University of Maryland Extension

August Indoor and Outdoor Insect Tips

closeup European hornet
European hornet. Photo: Jim Baker, North Carolina State University,

(More tips from HGIC)


  • You may notice the European hornet stripping the bark off shrubs (especially lilac) and trees. This stripping of the bark is usually minor and does no real harm to a shrub or tree. The European hornet is a large yellow and brown hornet (photo) that nests in cavities in trees, stumps, wood piles, sheds, etc. and feeds on insects. Unlike most other wasps and hornets this one is a night flyer.
  • Do not spray pesticides in your garden unless you’ve observed a particularly serious pest and the damage caused by the pest. Follow all label directions. Always select the shortest residual, least toxic insecticide to avoid killing beneficial insects.
  • Avoid mosquito and midge problems by turning over any pots, lids or saucers that might collect water and create a breeding site. Also, check clogged house gutters another favorite breeding place for mosquitoes and midges. Many people use corrugated drain pipe attached to downspouts to help move water away from their homes. The corrugations hold water and are a prime place for tiger mosquitoes to breed. To avoid the problem, use a smooth drain pipe or securely attach the corrugated drain pipe to the downspout and cover the open end with a piece of pantyhose secured with a rubber band. This will keep adult female mosquitoes and midges out of the drain pipe.
  • Try to ignore hornet, bee and wasp nests found outside, especially if they are located in a tree. These are beneficial creatures that will not sting unless disturbed or provoked. However, if a hornet or yellowjacket nest is a threatening nuisance such as under your deck or next to your door you can destroy it with labeled sprays at night. Do not spray during the day or all you will do is to make them really mad because they cannot get back into their nest. Contact a pest control professional if yellow jackets are nesting inside the walls or attic of your home. Read more about stinging and biting insects on our insect profiles pages.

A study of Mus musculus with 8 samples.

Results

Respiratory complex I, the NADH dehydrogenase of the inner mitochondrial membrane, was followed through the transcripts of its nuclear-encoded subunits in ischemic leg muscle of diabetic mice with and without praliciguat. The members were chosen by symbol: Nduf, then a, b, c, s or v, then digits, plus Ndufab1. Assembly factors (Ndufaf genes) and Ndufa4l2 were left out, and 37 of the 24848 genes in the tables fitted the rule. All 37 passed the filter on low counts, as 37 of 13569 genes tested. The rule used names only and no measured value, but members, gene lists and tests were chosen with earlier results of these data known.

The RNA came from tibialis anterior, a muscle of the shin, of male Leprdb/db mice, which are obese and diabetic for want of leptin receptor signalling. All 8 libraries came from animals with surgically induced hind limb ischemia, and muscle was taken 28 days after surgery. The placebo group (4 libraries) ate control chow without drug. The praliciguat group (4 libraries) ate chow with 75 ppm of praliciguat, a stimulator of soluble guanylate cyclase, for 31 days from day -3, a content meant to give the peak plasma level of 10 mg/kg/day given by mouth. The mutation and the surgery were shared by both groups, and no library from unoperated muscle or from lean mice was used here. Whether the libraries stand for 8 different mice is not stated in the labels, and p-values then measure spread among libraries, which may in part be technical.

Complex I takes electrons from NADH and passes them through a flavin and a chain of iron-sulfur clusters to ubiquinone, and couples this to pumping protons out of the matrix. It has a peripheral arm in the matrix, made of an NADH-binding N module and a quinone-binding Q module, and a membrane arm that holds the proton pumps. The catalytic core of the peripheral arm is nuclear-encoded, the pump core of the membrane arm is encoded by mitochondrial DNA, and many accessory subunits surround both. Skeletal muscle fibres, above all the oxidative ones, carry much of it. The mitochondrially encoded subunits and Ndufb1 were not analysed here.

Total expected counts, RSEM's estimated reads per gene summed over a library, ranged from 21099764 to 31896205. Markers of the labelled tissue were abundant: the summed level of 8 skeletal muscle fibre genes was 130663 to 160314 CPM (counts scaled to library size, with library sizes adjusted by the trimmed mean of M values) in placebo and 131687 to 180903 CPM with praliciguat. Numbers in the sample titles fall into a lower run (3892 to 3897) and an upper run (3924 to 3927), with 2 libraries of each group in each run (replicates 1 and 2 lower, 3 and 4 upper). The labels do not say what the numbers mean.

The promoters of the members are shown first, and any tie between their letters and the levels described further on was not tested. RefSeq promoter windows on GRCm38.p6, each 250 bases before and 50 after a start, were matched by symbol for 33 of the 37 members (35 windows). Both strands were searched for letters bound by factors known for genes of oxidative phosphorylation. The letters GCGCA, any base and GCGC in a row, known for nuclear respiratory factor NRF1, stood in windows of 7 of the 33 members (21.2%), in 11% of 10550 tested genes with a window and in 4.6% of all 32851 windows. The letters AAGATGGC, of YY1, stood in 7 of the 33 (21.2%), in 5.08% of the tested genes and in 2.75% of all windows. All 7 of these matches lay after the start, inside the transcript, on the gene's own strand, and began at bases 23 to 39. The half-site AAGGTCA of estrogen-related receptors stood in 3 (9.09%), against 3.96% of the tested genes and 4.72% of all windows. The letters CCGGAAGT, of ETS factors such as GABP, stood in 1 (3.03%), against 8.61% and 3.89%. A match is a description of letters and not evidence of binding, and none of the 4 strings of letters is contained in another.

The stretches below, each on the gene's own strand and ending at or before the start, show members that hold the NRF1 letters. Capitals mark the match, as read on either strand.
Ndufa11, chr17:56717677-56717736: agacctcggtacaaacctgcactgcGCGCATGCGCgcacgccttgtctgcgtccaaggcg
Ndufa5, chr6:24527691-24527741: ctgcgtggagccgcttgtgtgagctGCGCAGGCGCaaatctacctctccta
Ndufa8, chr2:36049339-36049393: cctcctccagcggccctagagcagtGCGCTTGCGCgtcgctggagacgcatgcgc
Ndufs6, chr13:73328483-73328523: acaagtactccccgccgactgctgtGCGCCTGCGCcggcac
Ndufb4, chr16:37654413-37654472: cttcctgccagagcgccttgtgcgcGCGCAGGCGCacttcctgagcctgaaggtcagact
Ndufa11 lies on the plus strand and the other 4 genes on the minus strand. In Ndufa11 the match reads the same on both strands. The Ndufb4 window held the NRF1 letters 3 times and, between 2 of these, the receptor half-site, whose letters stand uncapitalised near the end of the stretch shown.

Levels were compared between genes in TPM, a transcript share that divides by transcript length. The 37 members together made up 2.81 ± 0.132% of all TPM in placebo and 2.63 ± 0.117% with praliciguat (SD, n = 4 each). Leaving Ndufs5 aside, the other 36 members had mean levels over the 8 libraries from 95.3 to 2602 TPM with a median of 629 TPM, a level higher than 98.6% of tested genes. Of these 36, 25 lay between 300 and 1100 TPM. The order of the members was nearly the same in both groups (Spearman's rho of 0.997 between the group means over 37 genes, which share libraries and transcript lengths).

• Earwigs are unique-looking insects that are reddish-brown, about 3/4 inches long. with a pair of pincers at the end of the abdomen. They can be found inside and outside the home in moist areas and are most active in the evening. They are predators of insect pests, like aphids, but may also eat seedlings and chew holes in large plants. They are a nuisance pest, causing little damage. (PDF HG 4 Earwigs)


  • Populations of pantry pests (PDF HG 67 Pantry Pests), like Indian meal moths, cigarette beetles and carpet beetles can build up over the summer because most people do less baking and infested products go unnoticed until the fall and winter. In late summer these insects are often found around windows trying to get out of your home. No chemical controls are recommended. These pests can be swept up or vacuumed.
  • Ants - Many different types of ants are very active this month inside and outside the home. The largest is the carpenter ant, some are 1/2 inch long. Carpenter ants tend to nest in wood that has been previously damaged by wood rots or insects. You must locate the nest to control this pest. Try using bait stations to control minor infestations of indoor ants. Granular insecticides or bait stations labeled for outdoor use on ants are also available.